The Doors: Mr. Mojo Risin’: The Making of L.A. Woman DVD Review: The Story of a Truly Great Album and Band

The final album The Doors recorded with Jim Morrison was L.A. Woman in 1970. It may well be their finest work of all; if not, it is certainly right up there. After the sessions were over, Morrison left for Paris, where he died shortly thereafter. The recent Doors: Mr. Mojo Risin’: The Story of L.A. Woman is a documentary chronicling the making of the album, and of the attendant hoopla surrounding the band in that turbulent time.

The producers did this one right for a change, and managed to interview a number of key players in the saga. These include the surviving members of The Doors themselves: John Densmore, Robby Krieger, and Ray Manzarek. Manzarek’s pompousness used to really bother me, I guess because I didn’t expect someone to be so ridiculously caught up in his own band’s myth. Now I take it with a grain of salt, in fact the things that come out of his mouth provide unintended comic relief here.

Others who provide valuable insights are Elektra Records chairman Jac Holzman, Doors manager Bill Siddons, and friends and colleagues of theirs, including L.A. disc jockey Jim Ladd. When the band’s longtime producer Paul Rothschild declined to work with them on the album, they found themselves in a quandary. The decision was made to produce it themselves, with engineer Bruce Botnick along as co-producer. His suggestion that they record in their rehearsal studio was a stroke of genius, as the guys felt completely at home there. As Robby Krieger puts it, “It was our most spontaneous album ever, because we were recording in our garage.”

Mr. Mojo Risin’ begins with brief history of The Doors, and touches on the issues they were dealing with in 1970. One of the biggies was Morisson’s arrest in Miami for supposedly exposing himself onstage. One of the reasons Rothschild left the Doors to fend for themselves was Jim’s self-destructive habits – especially getting so loaded in the studio that everybody was forced to go home. According to those involved in the L.A. Woman sessions though, he remained (basically) sober for the recordings, and worked as hard as anyone to get the album together.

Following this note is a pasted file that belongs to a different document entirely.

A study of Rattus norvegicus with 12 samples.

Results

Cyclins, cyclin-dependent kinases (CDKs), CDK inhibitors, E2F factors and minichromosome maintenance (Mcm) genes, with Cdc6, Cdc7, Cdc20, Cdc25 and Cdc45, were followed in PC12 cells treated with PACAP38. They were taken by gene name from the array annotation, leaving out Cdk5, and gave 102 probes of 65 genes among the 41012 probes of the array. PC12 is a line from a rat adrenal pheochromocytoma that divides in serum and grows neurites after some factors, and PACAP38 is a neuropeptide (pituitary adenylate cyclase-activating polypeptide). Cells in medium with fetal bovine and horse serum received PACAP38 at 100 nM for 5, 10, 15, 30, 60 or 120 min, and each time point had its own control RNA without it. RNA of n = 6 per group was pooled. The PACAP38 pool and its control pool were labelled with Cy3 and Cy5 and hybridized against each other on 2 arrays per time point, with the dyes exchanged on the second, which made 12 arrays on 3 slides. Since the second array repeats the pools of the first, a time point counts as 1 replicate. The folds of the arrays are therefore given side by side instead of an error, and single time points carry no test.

There is a lot of speculation on the band’s part that he knew that this would be the last album he recorded with them. Not a premonition of his death mind you, but that he was going to Paris, and was done with the rock ‘n’ roll game. The main thought is that he wanted to make the strongest album they could, which would make “retirement” much easier. They certainly achieved it.

The main body of the DVD features Botnick in the studio discussing the various tracks, and how they were recorded. There is a lot of input from the surviving Doors in these segments as well. I really liked Botnick’s take on the song “L.A. Woman.” He calls it “musical noir,” as in film noir. It’s a great description.

The tale of “Riders on the Storm” is another interesting one. The guys were jamming on the old cowboy song “Ghost Riders in the Sky,” and when Morrison heard them, he pulled out some lyrics he was working on. They changed the tempo of the song, and added some jazz elements, and voila! They had the classic-rock perennial down cold.

There are six previously unseen bonus features included, which add up to 35 additional minutes. They are, “John Densmore on L.A. Woman,” “Ray Manzarek Discusses ‘Riders on the Storm’,” “The Doors Guide to L.A.,” “Thoughts on Performing Live,” a live take of “Crawling King Snake,” and finally a photo montage/video for the previously unreleased track “She Smell So Nice.” Mr. Mojo Risin’ tells the story of a truly great album and band.

For Doors fans, it should not be missed.